A Reprise of the Grand Old Party Line
House Majority Leader John Boehner (R-Ohio) was his genial self at a meeting with reporters yesterday morning, showing off his golf-ball-pattern tie and talking of a conversation he once had with Jack Nicklaus about the baby-blue cravat.
But 15 minutes later, Boehner had moved from the necktie to the jugular: He speculated that Democrats may be guilty of the capital crime of aiding and comforting the enemy.
"I listen to my Democrat friends, and I wonder if they're more interested in protecting terrorists than in protecting the American people," he said.
One of his listeners, offering Boehner the chance to rescind that charge, asked if he really meant to accuse Democrats of treason. "I said I wonder if they're more interested in protecting the terrorists," he replied, repeating more than clarifying. "They certainly don't want to take the terrorists on in the field."
The majority leader's charge of treachery was no accident. Two months before Election Day, Republicans have revived the technique used with great success in 2002 and 2004: suggesting that the loyal opposition is, well, not so loyal.
Sen. Rick Santorum (R-Pa.) seemed to have the same talking points yesterday. In a fight for his political life, Santorum worked himself into a rage on the Senate floor, hollering: "If you listen to the Democratic leader, our lesson is: . . . Let's put domestic politics ahead of the security of this country. That's the message."
The arrival of Treason Season, heralded by the charged address President Bush gave on Monday's 9/11 anniversary, is right on schedule.
Back in 2002, Bush declared on Sept. 23 that Senate Democrats were "not interested in the security of the American people." Republicans gained seats in the midterm elections.
Two years later to the day, Bush went to the Rose Garden to say that Democrats' statements about Iraq "can embolden an enemy." A few days earlier, Republican John Thune said the words of his opponent, Senate Democratic leader Thomas Daschle (S.D.), "embolden the enemy." Bush and Thune won in November.
The aid-and-comfort line may not work as well this time, if only because polls show broad disenchantment with Bush and congressional leadership. And, unlike in 2002, Republicans have unified control of the government and find their security agenda being hamstrung by GOP holdouts as well as Democrats. But don't discount the influence of Treason Season: A Zogby poll released yesterday showed Santorum closing the gap with Democratic challenger Bob Casey.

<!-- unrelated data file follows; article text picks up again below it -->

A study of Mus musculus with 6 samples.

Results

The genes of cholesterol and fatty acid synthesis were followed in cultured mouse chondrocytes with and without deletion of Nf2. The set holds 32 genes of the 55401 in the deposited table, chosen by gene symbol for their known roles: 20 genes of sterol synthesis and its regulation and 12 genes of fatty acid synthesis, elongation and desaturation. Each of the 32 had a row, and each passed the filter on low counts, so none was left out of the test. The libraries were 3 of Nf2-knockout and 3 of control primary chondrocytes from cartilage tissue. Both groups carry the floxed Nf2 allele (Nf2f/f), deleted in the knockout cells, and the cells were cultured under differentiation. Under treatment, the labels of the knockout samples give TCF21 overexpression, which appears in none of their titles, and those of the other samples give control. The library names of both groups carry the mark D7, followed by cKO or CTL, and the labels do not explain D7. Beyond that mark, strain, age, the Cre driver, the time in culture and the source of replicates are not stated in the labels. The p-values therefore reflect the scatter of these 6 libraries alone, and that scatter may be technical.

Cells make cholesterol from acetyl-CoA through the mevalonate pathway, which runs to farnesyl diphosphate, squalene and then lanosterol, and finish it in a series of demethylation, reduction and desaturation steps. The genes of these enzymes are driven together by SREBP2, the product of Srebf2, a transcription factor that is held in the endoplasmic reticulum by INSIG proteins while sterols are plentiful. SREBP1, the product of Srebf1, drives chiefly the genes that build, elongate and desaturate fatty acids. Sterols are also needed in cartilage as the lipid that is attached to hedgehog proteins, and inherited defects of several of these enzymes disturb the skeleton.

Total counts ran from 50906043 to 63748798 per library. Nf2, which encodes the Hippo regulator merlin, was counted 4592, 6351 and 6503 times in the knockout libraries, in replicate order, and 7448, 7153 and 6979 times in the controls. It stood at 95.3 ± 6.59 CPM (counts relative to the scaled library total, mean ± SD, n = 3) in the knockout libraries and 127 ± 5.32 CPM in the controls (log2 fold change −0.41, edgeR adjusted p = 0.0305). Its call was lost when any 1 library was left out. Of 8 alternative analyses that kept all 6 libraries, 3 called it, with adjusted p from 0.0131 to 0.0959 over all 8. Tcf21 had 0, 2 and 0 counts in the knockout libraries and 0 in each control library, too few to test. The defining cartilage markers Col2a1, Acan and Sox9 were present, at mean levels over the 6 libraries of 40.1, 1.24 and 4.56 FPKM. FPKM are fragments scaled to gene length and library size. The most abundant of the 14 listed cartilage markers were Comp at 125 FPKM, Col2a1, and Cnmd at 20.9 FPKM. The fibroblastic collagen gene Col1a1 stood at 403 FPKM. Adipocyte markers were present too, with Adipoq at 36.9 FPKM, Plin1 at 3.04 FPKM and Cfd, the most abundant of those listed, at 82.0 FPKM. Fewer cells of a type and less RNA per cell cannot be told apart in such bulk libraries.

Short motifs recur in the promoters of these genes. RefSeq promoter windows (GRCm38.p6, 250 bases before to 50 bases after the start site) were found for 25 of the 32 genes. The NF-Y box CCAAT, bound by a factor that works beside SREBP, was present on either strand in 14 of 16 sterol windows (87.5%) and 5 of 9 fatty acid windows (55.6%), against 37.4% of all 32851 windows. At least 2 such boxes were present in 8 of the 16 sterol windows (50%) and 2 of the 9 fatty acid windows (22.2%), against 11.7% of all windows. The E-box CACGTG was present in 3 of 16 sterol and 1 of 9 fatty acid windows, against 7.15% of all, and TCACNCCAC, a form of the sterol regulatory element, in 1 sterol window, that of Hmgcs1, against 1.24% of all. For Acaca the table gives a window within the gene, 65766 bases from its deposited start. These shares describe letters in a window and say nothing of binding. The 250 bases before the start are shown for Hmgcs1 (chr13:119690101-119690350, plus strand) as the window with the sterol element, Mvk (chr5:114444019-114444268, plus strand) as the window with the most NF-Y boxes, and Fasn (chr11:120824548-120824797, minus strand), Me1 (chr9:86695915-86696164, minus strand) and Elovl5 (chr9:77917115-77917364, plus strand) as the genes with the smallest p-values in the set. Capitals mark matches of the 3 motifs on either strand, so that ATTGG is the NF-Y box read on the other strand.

As is often the case, Vice President Cheney launched the current round of sedition suspicions. The idea "that we should withdraw U.S. forces from Iraq," he told NBC's Tim Russert on Sunday, "validates the strategy of the terrorists."
Bush picked up the thread in his televised address Monday night, saying: "The worst mistake would be to think that if we pulled out, the terrorists would leave us alone. They will not leave us alone. They will follow us. . . . If we yield Iraq to men like bin Laden, our enemies will be emboldened." That was milder than Cheney, but not exactly the non-political speech the White House promised when it requested network time.
Senate Minority Leader Harry Reid (D-Nev.) rushed to the floor yesterday morning to denounce this "ploy" by Bush, saying the president "obviously was more consumed by staying the course in Iraq and playing election-year partisan politics than changing direction."
This threw Santorum into a rage, resulting in a 15-minute tirade by the agitated Pennsylvanian. "The very people that planned the attacks are the people who are in Iraq," he stipulated, drawing a conclusion different from the one the Senate intelligence committee reached. He said Democrats "can't face the reality that we have a dangerous enemy out there, an enemy that wants to destroy everything we hold dear."
Boehner, giving reporters an off-camera briefing in his office, was decidedly calmer. In shirtsleeves and sipping a Diet Coke, he told the group coolly: "I have no fears about losing our majority. None." Five minutes later, after making and repeating his supposition that Democrats prefer terrorists to Americans, Boehner added somewhat incongruously that Democrats "are the ones out there making statements."
The flap landed 90 minutes later on Tony Snow's podium in the makeshift White House briefing room. The spokesman declined multiple invitations from the press to disavow Boehner's formulation. "Do you want to let a statement like this stand from a Republican leader of Congress?" NBC's David Gregory finally asked.
"I'll get back to you on it," he said.
The exasperated Gregory tried another tack: "Can you describe how it's possible to oppose the president on the war on Iraq without emboldening the terrorists?"
"Yes, absolutely," Snow said. But not if it means pulling out of Iraq. "That," the spokesman said, "would embolden the terrorists."